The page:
Jay Chou concert, rugby match to proceed at National Stadium despite pitch concerns

Groundsmen checking the pitch at the Sports Hub. -- ST PHOTO: JAMIE KOH
Groundsmen checking the pitch at the Sports Hub. -- ST PHOTO: JAMIE KOH
 Television still: The Brain, features stars such as Jay Chou. -- PHOTO: MEDIACORP

Taiwanese pop star Jay Chou's concert at the National Stadium on Nov 8 will go ahead as planned, even as the multi-purpose venue comes under pressure from the Asean Football Federation (AFF) to clear its schedule for 15 working days prior to the start of the AFF Suzuki Cup.

An exhibition rugby match between the Maori All Blacks and Asia Pacific Dragons on Nov 15 is also likely to carry on - just eight days before Singapore's opening Cup group match at the new Kallang facility.

"All options are open for the rugby match, including postponing or moving it to another venue, but we must do what's best to ensure the legacy of Singapore rugby continues - we won't drop the ball after years of good investment in the game," Singapore Sports Hub chief operating officer Oon Jin Teik said during a media briefing at the 55,000-seat stadium on Monday afternoon.

The stadium's priority is getting its much-maligned field ready for Tuesday's sell-out football friendly between Brazil and Japan.

The sandy, patchy pitch has been slammed for being well below international standards, leading to the purchase of $1.5 million worth of special lighting equipment a fortnight ago. The lights, hovering slightly over a metre above ground, are kept on through the night to act like sunlight.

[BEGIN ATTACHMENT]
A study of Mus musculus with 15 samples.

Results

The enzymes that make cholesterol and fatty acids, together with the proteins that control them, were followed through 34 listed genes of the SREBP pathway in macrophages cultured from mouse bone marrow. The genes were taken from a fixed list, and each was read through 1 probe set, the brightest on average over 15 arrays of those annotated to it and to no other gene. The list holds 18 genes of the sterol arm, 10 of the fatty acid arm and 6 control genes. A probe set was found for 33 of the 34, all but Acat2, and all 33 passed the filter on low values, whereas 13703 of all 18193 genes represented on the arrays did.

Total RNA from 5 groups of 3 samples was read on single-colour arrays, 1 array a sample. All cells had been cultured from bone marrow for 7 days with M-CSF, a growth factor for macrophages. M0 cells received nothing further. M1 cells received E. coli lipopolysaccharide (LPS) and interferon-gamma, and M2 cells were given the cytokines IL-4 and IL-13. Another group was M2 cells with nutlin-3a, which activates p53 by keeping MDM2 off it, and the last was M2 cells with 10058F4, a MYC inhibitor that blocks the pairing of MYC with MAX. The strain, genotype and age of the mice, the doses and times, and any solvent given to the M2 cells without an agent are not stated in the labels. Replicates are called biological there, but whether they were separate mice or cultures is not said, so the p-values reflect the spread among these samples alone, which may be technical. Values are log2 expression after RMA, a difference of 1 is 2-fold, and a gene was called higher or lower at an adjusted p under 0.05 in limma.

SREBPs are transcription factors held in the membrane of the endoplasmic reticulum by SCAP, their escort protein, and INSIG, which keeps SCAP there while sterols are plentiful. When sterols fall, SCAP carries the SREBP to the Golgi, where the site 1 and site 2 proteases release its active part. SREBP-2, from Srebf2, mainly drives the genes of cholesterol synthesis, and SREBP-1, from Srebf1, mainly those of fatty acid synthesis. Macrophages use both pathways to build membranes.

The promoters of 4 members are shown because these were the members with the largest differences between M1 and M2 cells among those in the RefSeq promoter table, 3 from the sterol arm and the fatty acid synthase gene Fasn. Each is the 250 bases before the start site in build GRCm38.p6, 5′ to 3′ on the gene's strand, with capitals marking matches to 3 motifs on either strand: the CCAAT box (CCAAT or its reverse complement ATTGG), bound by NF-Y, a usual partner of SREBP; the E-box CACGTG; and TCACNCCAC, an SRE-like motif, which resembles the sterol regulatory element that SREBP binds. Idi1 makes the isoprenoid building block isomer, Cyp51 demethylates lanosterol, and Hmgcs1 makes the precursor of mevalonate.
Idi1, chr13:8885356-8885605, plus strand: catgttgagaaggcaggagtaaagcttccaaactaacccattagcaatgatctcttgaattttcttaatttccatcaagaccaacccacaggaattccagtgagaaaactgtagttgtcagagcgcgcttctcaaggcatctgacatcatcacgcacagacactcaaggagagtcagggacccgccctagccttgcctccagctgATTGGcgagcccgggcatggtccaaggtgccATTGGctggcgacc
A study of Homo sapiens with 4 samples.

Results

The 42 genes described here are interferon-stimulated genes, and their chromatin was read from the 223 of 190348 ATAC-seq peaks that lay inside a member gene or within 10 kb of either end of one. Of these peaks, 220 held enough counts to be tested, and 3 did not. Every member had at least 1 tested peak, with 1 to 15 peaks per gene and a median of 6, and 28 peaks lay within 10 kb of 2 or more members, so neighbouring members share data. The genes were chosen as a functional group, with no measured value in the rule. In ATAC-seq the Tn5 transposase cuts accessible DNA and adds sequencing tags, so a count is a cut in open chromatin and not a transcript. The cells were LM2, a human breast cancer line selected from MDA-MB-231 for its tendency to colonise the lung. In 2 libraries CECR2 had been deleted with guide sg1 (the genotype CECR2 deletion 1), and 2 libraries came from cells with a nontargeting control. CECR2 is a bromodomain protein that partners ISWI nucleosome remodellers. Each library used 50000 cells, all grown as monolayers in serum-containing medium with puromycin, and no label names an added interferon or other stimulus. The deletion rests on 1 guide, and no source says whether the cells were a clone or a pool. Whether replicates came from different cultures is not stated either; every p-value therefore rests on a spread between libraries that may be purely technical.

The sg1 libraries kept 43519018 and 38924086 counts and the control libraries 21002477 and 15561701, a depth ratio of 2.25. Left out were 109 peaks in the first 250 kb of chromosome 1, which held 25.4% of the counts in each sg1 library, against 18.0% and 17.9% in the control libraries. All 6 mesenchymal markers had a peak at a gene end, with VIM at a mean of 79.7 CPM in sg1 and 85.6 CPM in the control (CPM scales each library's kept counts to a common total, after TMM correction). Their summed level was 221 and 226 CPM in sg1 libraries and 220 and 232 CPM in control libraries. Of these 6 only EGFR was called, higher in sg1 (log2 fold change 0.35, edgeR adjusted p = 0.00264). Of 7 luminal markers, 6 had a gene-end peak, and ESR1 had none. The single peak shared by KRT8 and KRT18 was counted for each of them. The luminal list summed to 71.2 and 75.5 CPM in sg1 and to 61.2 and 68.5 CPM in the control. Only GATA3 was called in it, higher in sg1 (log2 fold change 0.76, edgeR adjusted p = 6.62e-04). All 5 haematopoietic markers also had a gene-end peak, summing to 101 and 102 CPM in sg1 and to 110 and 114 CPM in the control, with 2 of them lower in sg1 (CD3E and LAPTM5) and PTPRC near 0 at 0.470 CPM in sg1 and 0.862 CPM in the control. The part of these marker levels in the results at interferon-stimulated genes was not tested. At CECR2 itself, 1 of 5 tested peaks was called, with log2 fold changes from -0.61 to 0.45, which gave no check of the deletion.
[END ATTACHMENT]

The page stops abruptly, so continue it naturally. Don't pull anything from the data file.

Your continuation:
The Sports Hub have also flown in overseas consultants such as Alex Garbea, who was responsible for the Arena Corinthians project, which was named the best field at the World Cup in Brazil. The Romanian will advise on the suitability of warm- and cool-weather grass in the stadium's challenging "micro-climate", which has varying levels of humidity and sunlight during the day.

Greg Gillin, Sports Hub's senior director (stadia) said: "We don't have the luxury of a six-month bedding-in period like most top venues - delays in construction meant we had just two-and-a-half weeks, so we're playing catch-up from the start with our heavy events programming.

"The field is certainly safe and playable. Aesthetically, it's not where we want it to be but trust me, we will get there soon enough."